By Kshitiz Siwakoti, Sindhupalchok, Mar. 1: The Hyolmo community celebrated their most important annual Tscehu Puja on the 27 and 28th of February in Helambu of Sindhupalchok. The Hyolmo community is one of the 59 indigenous nationalities listed under the Nepal Gazette.
According to the Buddhist Lunar Calendar, the festival is celebrated after a month from Sonam Lohsar which marks a new year in the calendar. Tscehu festival is celebrated to commemorate the birth anniversary of Guru Rimpoche or Padmasambhava. Guru Rimpoche has been credited with introducing Tantric Buddhism to Tibet and establishing the first Buddhist monastery there.
It is believed that Guru Rimpoche meditated in the pristine caves of Helambu and had hidden his religious scriptures and items there.
According to Bhavu Lama, the Lama priest behind this year’s Tsechu Puja, the celebration of the festival is done to expel the evil thoughts and intentions that lurk within human beings.
“The puja is conducted to remove evil ghosts and evil thoughts that we or the village may possess,” he said.
It has been said that the imagery of this is seen with a figure of Guru Rimpoche’s arms wrapped around his body made from millet dough. This is symbolic of a demon who takes the facade of Padmasambhava taking away all things evil from the village and its people which is later consumed by the flames of the bonfire.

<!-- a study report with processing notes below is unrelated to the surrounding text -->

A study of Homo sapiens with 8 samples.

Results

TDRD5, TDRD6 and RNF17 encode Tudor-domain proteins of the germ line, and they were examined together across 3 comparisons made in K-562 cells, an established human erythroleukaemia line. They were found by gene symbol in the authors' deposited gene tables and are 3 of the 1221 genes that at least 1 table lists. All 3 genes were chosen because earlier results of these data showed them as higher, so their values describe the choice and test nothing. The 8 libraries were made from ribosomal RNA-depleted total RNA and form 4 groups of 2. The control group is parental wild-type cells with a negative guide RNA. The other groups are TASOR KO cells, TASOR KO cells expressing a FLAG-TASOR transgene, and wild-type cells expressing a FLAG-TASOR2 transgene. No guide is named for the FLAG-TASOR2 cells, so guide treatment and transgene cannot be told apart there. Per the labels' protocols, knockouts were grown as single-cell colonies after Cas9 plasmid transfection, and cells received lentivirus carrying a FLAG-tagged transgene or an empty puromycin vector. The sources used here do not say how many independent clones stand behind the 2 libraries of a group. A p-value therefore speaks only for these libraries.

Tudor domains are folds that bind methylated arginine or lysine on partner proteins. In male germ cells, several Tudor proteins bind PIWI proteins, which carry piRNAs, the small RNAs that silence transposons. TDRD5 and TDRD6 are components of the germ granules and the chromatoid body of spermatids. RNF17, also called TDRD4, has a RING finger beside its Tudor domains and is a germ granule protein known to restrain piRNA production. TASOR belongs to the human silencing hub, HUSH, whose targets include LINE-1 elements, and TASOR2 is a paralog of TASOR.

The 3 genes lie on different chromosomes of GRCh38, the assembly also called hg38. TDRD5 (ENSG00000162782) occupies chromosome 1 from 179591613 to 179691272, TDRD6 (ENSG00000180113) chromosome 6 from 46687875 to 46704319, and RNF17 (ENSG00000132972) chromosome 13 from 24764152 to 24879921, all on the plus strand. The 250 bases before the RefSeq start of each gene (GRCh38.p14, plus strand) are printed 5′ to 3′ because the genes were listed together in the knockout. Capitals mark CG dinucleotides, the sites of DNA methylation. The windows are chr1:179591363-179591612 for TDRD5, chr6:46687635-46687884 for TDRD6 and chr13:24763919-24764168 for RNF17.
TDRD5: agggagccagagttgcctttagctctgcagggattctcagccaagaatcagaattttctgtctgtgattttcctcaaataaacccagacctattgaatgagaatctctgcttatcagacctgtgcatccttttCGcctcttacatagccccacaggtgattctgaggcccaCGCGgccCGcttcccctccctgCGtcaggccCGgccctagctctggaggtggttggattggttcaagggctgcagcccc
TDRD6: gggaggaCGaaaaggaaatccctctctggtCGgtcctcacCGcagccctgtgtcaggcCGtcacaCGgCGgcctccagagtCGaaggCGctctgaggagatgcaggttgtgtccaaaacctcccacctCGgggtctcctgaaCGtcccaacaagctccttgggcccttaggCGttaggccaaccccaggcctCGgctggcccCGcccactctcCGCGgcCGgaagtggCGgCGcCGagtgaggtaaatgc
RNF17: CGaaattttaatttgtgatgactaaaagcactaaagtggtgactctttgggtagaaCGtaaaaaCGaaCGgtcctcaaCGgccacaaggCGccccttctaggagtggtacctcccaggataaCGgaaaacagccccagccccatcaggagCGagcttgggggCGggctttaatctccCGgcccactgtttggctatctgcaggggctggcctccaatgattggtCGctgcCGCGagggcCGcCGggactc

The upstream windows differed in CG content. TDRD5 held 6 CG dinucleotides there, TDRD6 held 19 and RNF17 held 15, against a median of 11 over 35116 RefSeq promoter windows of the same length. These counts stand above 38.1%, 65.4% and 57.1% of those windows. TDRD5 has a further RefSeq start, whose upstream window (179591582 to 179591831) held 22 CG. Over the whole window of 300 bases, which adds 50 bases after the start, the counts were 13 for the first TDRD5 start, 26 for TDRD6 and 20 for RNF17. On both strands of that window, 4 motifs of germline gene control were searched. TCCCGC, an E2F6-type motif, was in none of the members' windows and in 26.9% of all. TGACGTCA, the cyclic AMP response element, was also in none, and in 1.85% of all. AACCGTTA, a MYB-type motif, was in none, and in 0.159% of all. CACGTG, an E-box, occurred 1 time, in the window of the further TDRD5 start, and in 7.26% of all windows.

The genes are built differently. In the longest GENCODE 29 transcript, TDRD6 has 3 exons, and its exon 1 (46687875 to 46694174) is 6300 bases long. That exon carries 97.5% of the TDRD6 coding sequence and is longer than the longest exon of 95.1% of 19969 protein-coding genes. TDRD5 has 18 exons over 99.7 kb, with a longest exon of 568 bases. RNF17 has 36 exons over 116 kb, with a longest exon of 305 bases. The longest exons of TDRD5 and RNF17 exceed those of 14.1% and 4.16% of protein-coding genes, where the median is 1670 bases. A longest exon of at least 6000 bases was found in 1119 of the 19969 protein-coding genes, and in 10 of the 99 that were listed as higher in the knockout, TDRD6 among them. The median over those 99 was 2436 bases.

According to Dawa Lama, a member of organising committee of this year’s Tsechu Puja and a local resident, there are around 70 homes in and around the villages surrounding Sermathang in Helambu. Every two homes in rotation take turn to organise the festival.
“My home had this opportunity to organise the Tsechu Puja after 30 years. It is an honour for us to organise the festival because the Lamas especially go to the organiser’s home and bless it from evil ghosts,” Lama said.
Every home in the village contributes either food or other resources for the festival.
The Puja is conducted by the Lamas reading the Hyum scriptures (religious books) for five days after which the celebration of the Tsechu festival begins. The festival is celebrated by lighting a bonfire around which the Lama priests sing and dance.
This is followed by the Hyolmo villagers divided into females and males who sing and dance arm in arm around the bonfire in unison. The song is an auspicious one that is only meant to be sung during the Tsechu festival. This singing continues to the night and the atmosphere is that of contagious merriment.
The locally brewed liquor made of millet and locals favourite salty tea made by mixing butter, milk, and salt only add to the festive delight.
The song is meant to make people healthy and rid of them any evil ghosts. “When we sing the Tsechu song we are asking to be healthy and lead a long and a pure life,” Dawa Lama added.